We live in an incredible age where all kind of information is right at our fingertips via the Internet. We have more power to learn and do things for ourselves than any other time in history. This is great for empowerment and building knowledge, but it can occasionally get us into a little trouble.
For example, estate planning lawyers are finding that they often have to educate potential clients on the pros and cons of do-it-yourself estate planning products that can be found online. While these products certainly seem like they can save money in lawyer's fees, it's a really good idea to examine them more closely. A short-term payoff now may lead to major financial implications later.
One of the overarching concerns with these DIY kits is the fact that they make you think you have your affairs in order, when you really don't. Tiny details such as not having the will properly witnessed can render it legally null-and-void. Add to that the fact that laws vary from state to state, it's important to work with an estate planning lawyer in your area to make sure your documents are meeting legal requirements.
Along those same lines, it's important to realize that laws regarding estate planning are constantly being changed and restructured. While an actual attorney stays up-to-date on those changes and their ramifications for individuals, the DIY kits are put together in advance without taking these concerns into consideration.
Because the online do-it-yourself will planning products have to be made for mass consumption, they are also not very good at being applied to individual circumstances. After all, your situation is likely different from that of your next-door-neighbor or even a relative, so how would a one-size-fits-all product apply to each of you? The answer is that it wouldn't.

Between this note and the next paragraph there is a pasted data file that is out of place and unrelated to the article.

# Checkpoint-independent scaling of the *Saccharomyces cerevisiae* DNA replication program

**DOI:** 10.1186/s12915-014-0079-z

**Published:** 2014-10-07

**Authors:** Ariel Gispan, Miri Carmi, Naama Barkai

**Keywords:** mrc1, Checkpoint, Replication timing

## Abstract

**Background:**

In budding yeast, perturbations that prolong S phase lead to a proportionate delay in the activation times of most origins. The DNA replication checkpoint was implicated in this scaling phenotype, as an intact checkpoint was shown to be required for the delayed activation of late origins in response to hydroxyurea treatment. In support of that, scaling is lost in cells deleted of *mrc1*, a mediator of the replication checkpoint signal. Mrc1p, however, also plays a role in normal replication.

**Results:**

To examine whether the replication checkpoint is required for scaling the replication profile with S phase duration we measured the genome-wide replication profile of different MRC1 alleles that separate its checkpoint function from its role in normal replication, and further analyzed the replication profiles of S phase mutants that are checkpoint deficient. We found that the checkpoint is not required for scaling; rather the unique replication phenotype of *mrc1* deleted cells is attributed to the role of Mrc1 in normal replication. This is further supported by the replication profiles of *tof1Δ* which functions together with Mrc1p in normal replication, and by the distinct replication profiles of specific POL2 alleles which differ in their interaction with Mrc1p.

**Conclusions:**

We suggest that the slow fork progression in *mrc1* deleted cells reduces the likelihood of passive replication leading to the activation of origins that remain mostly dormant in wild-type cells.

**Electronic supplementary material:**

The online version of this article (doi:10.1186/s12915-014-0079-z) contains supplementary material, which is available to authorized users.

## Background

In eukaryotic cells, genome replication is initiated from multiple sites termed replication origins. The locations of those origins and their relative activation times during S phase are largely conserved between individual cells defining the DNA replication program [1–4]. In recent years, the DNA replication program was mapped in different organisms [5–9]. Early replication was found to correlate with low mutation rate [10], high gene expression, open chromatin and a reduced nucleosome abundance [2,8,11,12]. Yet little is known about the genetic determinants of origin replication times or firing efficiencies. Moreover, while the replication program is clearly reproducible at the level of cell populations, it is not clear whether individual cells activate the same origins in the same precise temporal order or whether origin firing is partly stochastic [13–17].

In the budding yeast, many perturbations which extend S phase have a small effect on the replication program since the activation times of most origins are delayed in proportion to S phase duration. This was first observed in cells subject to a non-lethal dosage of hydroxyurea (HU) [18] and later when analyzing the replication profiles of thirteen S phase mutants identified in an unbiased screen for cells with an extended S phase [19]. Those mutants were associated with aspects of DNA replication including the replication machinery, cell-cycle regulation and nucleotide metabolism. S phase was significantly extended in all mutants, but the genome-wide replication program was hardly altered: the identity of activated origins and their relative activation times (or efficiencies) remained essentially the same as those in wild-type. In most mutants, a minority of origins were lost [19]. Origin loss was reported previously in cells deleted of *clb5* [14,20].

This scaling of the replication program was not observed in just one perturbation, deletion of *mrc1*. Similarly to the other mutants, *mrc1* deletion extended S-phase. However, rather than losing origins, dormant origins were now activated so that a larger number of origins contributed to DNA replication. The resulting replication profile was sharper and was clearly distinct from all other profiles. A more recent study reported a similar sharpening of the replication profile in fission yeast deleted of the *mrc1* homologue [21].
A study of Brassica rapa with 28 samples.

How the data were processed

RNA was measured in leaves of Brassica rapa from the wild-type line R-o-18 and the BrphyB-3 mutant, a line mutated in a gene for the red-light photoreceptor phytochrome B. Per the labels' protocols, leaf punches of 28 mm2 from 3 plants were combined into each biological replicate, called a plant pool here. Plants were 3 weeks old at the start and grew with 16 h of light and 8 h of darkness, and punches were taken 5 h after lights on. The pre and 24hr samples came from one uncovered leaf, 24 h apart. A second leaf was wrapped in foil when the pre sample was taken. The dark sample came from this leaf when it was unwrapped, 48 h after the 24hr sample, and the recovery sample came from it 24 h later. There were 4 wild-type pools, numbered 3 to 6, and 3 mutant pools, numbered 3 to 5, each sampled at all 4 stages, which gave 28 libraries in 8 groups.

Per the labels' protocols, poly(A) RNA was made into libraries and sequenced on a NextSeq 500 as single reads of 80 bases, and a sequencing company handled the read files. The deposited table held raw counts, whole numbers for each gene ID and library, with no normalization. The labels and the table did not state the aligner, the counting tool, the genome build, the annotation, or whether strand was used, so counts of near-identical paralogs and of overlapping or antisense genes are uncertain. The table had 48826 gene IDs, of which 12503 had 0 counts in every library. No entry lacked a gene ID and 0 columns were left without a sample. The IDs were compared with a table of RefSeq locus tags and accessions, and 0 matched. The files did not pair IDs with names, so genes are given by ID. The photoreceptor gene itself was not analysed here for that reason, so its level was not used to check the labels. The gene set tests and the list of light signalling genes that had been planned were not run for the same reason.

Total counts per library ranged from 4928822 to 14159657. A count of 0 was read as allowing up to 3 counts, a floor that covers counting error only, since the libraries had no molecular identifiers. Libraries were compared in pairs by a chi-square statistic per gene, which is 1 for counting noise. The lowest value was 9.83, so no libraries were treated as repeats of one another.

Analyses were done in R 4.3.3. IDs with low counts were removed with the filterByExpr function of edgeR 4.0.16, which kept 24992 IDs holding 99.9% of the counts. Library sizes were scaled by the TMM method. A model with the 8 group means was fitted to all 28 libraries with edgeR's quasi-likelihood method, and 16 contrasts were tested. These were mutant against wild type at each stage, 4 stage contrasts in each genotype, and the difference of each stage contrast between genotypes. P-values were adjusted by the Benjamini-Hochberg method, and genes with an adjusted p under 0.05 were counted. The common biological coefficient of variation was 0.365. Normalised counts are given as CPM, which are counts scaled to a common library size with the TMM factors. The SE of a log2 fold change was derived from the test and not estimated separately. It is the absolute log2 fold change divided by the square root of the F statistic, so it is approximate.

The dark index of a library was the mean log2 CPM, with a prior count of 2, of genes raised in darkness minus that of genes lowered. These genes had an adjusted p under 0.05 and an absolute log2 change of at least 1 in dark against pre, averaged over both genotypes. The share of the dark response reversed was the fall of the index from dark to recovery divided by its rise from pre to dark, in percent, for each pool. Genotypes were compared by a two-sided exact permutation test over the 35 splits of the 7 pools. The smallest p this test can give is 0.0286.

Here's a little comparison of two families to illustrate the point.
The Smiths need to figure out how to pay for college for several children, name guardians for their "shared" child, understand the implications of the step-children being separated by their biological parents, figure out how to name beneficiaries for life insurance, and figure out how to plan for retirement with only one retirement account. They have two mortgages that they would leave behind and a variety of tax concerns for the estate.
Obviously, the Jones' concerns for estate planning would be different than those of the Smiths. They are more likely to be thinking about nursing home care and how to leave a legacy for their grandchildren, how to protect their assets if Medicaid is needed in the future, and how to enjoy their retirement while both are still healthy.
From just this brief example, you can see that a single do-it-yourself will kit is unlikely to touch all of the important aspects that each of these families need to consider. Working with an attorney in the area, however, gives both the Smiths and the Joneses the opportunity to lay out all of their options and determine what will truly work for them and their estate plan.